Did you ever hear of Asiatic cheetahs? Most people don’t because they connect the majestic predators with the African continent. Pretty much every content online about cheetahs is about African cheetahs. So, less is known about them having some kind of “cousins” in Asia. That’s why we reached out to the Iranian Cheetah Society (ICS) to learn more about these special animals.
Some interesting differences
“There is no apparent difference in their morphology”, Morteza Pourmirzai, CEO of the ICS, explains. “They were separated for many years, and there are some differences in their ecology. You may know African Cheetahs as the runners in the vast planes. Still, Asiatic cheetahs are generally found in hilly areas next to mountains.” So, they don’t fit in the picture many people have got in their heads when they think about cheetahs. That’s why they are so fascinating.
That’s an interesting adaption of the cheetahs because the hunting strategy in the planes increases their survival difficulties in Africa. The Asiatic cheetahs are not a different subspecies, as Mr. Pourmirzai explains, but they are special and important as well. “Like any other carnivore, they are at the top of the food chain and indicate ecosystem balance and health. They are a piece of life puzzle that should be saved to save a life in Iranian deserts. On the other hand, they are a symbol to Iranian people; as you may have seen, it’s a sketch on our national football team jersey.”
Look into the future
So, how to save these majestic animals that are so important for both, the ecosystem and the people living there? “We focus on In-situ conservation”, ICS’s CEO, Morteza Pourmirzai, describes. “Since 2001, we help the government to promote conservation in the Cheetah’s habitats. Hiring rangers, enhancements of troughs, providing equipment, repairing cars, motorbikes, and raising awareness are some activities we conduct in the protected areas. However, the most crucial project in ICS is to monitor the Cheetahs population across the country. For more than nine years, we have installed camera traps in a nationwide scheme to estimate their population. We have the highest number of camera-traps in the country. So, we are the only organization that can work on this scale.”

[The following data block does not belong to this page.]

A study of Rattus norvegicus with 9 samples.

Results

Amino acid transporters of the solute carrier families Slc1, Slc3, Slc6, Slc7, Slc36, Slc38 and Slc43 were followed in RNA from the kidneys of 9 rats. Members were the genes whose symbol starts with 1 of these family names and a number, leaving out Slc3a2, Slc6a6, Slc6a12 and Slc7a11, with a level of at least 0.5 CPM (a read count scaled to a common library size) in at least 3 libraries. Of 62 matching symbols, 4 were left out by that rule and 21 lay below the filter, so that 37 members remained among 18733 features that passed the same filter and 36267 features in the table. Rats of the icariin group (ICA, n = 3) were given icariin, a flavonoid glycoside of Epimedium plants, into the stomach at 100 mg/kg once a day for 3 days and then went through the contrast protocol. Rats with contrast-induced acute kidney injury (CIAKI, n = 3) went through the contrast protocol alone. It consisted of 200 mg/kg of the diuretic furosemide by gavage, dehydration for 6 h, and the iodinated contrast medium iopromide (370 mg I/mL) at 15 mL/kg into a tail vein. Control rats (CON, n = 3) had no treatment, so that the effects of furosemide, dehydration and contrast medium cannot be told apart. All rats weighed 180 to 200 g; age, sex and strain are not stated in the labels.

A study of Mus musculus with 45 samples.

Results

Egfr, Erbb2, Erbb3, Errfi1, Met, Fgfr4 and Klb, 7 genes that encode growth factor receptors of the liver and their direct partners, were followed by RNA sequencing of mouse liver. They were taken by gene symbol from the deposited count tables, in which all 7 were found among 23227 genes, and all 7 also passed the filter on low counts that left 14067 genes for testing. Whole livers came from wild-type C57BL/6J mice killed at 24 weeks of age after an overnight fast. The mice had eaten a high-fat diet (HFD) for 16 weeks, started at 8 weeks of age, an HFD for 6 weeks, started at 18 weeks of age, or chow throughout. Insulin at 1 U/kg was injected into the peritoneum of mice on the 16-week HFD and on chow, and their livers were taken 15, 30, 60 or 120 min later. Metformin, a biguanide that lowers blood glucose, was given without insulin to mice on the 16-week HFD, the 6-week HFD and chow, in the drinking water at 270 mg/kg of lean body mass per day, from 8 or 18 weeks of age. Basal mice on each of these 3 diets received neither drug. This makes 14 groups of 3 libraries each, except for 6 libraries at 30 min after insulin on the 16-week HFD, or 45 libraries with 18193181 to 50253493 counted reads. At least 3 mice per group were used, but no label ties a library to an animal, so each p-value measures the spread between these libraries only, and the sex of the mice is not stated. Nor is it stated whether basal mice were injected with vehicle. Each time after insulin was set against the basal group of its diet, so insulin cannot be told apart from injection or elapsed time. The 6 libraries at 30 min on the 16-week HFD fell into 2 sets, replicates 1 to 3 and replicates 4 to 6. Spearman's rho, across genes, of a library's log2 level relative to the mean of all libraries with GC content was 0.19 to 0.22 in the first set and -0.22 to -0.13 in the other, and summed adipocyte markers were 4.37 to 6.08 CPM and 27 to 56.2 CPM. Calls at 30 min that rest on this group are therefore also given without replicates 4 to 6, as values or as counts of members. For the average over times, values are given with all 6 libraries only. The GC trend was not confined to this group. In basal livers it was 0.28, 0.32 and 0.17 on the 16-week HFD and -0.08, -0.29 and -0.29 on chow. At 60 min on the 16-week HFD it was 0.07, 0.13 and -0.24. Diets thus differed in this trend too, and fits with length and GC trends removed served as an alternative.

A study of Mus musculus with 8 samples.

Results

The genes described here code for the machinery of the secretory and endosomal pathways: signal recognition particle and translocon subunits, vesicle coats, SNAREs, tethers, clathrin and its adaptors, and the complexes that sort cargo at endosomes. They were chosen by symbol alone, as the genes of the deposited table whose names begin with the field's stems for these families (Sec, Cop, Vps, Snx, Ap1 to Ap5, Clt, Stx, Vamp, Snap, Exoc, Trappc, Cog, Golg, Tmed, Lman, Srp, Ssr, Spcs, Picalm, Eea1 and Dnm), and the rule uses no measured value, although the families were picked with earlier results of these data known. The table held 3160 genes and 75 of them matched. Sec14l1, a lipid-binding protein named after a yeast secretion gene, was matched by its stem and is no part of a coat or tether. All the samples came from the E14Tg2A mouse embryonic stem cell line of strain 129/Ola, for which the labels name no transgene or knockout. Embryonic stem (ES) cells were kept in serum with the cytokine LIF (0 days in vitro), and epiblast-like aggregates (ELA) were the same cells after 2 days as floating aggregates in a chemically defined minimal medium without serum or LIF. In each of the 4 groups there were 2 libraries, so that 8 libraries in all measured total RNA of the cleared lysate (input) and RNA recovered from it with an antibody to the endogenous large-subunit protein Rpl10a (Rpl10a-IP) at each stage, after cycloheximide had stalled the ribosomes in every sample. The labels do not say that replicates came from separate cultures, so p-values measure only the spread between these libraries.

But it doesn’t end with work in situ: “We also provide consultation to the Department of Environment on Ex-situ conservation. In partnership with Ashia in South Africa, we were able to facilitate the Captive breeding in Iran. Hopefully, we can see the first captive breed cheetahs in Iran in 2021.” Unfortunately, there are also problems ahead. “We will face genetic problems since the project has started with a few numbers of individuals. Additionally, large areas should be fenced to ensure that cubs will have the chance to learn how to hunt safely.”
Zoos can and do help
The ICS will celebrate its 20th anniversary of foundation in 2021. “Through these years, we have faced numerous problems in fundraising due to US sanctions against the country. We are not allowed to have PayPal or any other bank account outside the country. Zoos have funded most of our projects during these years. They had a notable impact on our conservation programs. Columbus Zoo in the USA, AFdPZ, and Parc des Feline in France, Gaya Zoo in the Netherlands are some of the most notable donors to our projects. Thanks to these zoos, we can still go forward in saving this precious and unique species.”
As you can see, even before the world really knows about these amazing group of cheetahs, while most people still think that cheetahs only live in the African savannahs, modern zoos are already there to help and give support to these animals in need. It will be a hard marathon to give a future to the Asiatic cheetahs and enable them to escape extinction but zoos together with passionate conservationists are determined to make it happen once again after they already saved many species thanks to the strong combination of projects in situ and ex-situ.